Why Do Rings Turn Your Finger Green?

Meet the metals that discolor skin

Copper or silver are the most common causes of discoloration from a ring, though reactions to other metals can produce a green ring, too. The discoloration typically is harmless and washes off with soap and water.

When a ring turns your finger green, it's either because of a chemical reaction between acids in your skin and the metal of the ring or a reaction between another substance on your hand, such as a lotion, and the metal of the ring.

There are several metals that oxidize or react with your skin to produce a discoloration. You can get a noticeable green ring around your finger from wearing a ring made out of copper. Some rings are pure copper, while others have a plating of another metal over copper or the copper may be part of the alloy (e.g., sterling silver). The common green color is not harmful of itself, though some people experience an itchy rash or other sensitivity reaction to the metal and may wish to avoid exposure to it.

A common culprit is a silver, which is found in sterling silver jewelry, plating for inexpensive jewelry, and as an alloying metal in most gold jewelry. Acids cause the silver to oxidize, which produces tarnish. The tarnish can leave a dark ring on your finger.

If you are sensitive to metals, you may see a discoloration from wearing a ring containing nickel, though most likely this will be a red ring and may be associated with inflammation.

How to Avoid Getting a Green Finger From a Ring

Even silver and gold jewelry can produce a discoloration, so advice for avoiding a green finger isn't as simple as just avoiding cheap jewelry. However, certain metals are less likely to turn green than others. You should have good luck with stainless steel jewelry, platinum jewelry and rhodium plated jewelry, which includes nearly all white gold.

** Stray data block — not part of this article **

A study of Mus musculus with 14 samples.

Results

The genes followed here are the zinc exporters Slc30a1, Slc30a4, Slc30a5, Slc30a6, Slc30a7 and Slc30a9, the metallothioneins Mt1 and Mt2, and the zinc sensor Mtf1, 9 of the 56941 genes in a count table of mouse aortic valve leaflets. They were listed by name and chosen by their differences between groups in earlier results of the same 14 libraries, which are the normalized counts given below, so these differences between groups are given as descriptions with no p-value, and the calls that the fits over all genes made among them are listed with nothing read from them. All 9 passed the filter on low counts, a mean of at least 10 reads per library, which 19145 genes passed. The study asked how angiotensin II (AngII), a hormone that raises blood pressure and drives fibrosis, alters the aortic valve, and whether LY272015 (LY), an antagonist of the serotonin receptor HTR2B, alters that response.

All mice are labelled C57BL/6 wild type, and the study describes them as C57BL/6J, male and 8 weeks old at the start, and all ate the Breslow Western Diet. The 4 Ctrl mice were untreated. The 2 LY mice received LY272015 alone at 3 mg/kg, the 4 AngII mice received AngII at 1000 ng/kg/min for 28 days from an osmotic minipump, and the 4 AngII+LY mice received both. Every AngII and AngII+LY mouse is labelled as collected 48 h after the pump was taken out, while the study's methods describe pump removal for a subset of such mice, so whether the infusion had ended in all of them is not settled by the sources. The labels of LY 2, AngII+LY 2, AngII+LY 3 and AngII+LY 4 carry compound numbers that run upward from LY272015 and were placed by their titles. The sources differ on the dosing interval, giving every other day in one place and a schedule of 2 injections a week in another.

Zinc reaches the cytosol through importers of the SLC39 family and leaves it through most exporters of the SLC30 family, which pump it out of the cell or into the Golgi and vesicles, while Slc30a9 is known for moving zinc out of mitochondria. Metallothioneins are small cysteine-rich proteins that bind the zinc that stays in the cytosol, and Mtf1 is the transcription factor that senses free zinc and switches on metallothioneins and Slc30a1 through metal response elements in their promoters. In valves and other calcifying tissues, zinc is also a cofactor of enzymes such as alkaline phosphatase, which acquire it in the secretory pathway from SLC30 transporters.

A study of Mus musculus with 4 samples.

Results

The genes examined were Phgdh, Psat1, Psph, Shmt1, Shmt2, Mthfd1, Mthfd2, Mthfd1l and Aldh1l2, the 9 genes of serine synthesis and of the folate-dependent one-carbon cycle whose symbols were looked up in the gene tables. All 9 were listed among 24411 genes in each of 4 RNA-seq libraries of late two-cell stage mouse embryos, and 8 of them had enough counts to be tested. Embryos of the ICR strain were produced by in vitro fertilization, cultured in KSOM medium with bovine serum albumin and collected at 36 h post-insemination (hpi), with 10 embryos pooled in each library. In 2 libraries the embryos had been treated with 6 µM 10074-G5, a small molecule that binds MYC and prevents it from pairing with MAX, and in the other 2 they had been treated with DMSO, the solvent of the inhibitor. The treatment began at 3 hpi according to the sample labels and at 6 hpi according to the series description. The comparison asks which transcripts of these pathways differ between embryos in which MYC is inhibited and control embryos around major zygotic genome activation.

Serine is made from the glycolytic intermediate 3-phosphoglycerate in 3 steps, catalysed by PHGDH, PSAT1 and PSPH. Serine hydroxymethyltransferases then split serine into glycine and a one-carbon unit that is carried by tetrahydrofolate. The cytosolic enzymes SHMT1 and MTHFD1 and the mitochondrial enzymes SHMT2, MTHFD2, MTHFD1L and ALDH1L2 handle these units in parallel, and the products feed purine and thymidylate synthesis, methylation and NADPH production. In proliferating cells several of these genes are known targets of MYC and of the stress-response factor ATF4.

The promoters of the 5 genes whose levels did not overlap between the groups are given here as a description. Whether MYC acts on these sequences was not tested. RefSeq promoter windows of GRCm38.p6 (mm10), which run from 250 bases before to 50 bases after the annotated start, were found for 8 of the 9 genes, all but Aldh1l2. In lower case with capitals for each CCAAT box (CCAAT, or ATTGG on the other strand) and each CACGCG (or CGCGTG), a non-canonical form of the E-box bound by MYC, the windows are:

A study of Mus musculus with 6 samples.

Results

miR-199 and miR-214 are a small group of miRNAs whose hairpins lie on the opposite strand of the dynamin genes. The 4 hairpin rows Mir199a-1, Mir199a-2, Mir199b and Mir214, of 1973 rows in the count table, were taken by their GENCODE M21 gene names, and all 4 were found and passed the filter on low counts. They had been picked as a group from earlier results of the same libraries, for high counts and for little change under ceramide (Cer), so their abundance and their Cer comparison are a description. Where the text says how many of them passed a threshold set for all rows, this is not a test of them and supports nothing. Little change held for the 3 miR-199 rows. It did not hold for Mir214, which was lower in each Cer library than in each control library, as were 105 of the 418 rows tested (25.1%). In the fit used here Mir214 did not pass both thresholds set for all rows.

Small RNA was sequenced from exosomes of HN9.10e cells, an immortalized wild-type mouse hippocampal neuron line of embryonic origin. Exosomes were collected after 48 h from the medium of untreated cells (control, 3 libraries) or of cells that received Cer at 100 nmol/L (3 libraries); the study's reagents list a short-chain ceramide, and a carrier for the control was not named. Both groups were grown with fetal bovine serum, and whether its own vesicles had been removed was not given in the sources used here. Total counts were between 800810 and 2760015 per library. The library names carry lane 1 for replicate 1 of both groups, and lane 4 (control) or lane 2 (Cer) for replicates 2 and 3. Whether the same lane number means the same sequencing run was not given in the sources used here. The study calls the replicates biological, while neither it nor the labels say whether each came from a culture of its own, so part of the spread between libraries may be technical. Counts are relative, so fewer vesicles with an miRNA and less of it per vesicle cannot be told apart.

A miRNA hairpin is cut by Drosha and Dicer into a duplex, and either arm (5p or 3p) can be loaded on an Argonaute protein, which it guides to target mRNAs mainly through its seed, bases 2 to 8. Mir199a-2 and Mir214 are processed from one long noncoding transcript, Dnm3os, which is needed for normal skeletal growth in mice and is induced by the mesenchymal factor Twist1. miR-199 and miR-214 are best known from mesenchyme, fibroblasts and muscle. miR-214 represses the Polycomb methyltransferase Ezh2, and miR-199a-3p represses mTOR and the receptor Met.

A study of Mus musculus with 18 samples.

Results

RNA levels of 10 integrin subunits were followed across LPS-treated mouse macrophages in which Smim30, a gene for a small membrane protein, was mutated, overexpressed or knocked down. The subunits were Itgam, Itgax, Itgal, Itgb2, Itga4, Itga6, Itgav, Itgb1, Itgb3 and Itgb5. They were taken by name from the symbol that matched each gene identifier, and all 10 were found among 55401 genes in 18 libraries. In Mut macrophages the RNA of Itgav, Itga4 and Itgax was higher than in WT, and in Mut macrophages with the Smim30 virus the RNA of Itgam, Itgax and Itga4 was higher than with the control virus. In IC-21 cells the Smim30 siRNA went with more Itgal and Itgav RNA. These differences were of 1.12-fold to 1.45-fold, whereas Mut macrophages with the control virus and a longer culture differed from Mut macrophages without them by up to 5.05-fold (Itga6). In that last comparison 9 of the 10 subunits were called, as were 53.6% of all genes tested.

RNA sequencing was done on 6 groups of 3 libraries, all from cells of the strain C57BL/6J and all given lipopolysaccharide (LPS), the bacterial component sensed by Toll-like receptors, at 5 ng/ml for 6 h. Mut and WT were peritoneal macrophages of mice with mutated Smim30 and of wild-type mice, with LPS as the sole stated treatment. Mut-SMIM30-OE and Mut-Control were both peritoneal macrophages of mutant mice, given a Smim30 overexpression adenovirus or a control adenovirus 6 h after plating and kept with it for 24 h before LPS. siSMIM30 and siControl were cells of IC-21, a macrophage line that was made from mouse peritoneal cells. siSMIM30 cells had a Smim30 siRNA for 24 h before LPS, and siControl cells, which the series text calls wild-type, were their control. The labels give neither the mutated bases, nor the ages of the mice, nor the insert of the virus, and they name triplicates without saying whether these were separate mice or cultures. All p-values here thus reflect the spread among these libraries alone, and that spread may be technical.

Also, you'll greatly reduce the chance of any ring turning your finger green if you take care to keep soap, lotions and other chemicals away from your ring. Remove your rings before bathing or swimming, especially in saltwater.

Some people apply a polymer coating to their rings to act as a barrier between their skin and the metal of the ring. Nail polish is one option. Be aware you'll need to reapply the coating from time to time since it will wear away.

Helmenstine, Anne Marie, Ph.D. "Why Do Rings Turn Your Finger Green?" ThoughtCo, Jan. 9, 2018, thoughtco.com/why-rings-turn-your-finger-green-608023. Helmenstine, Anne Marie, Ph.D. (2018, January 9). Why Do Rings Turn Your Finger Green? Retrieved from https://www.thoughtco.com/why-rings-turn-your-finger-green-608023 Helmenstine, Anne Marie, Ph.D. "Why Do Rings Turn Your Finger Green?" ThoughtCo. https://www.thoughtco.com/why-rings-turn-your-finger-green-608023 (accessed January 20, 2018).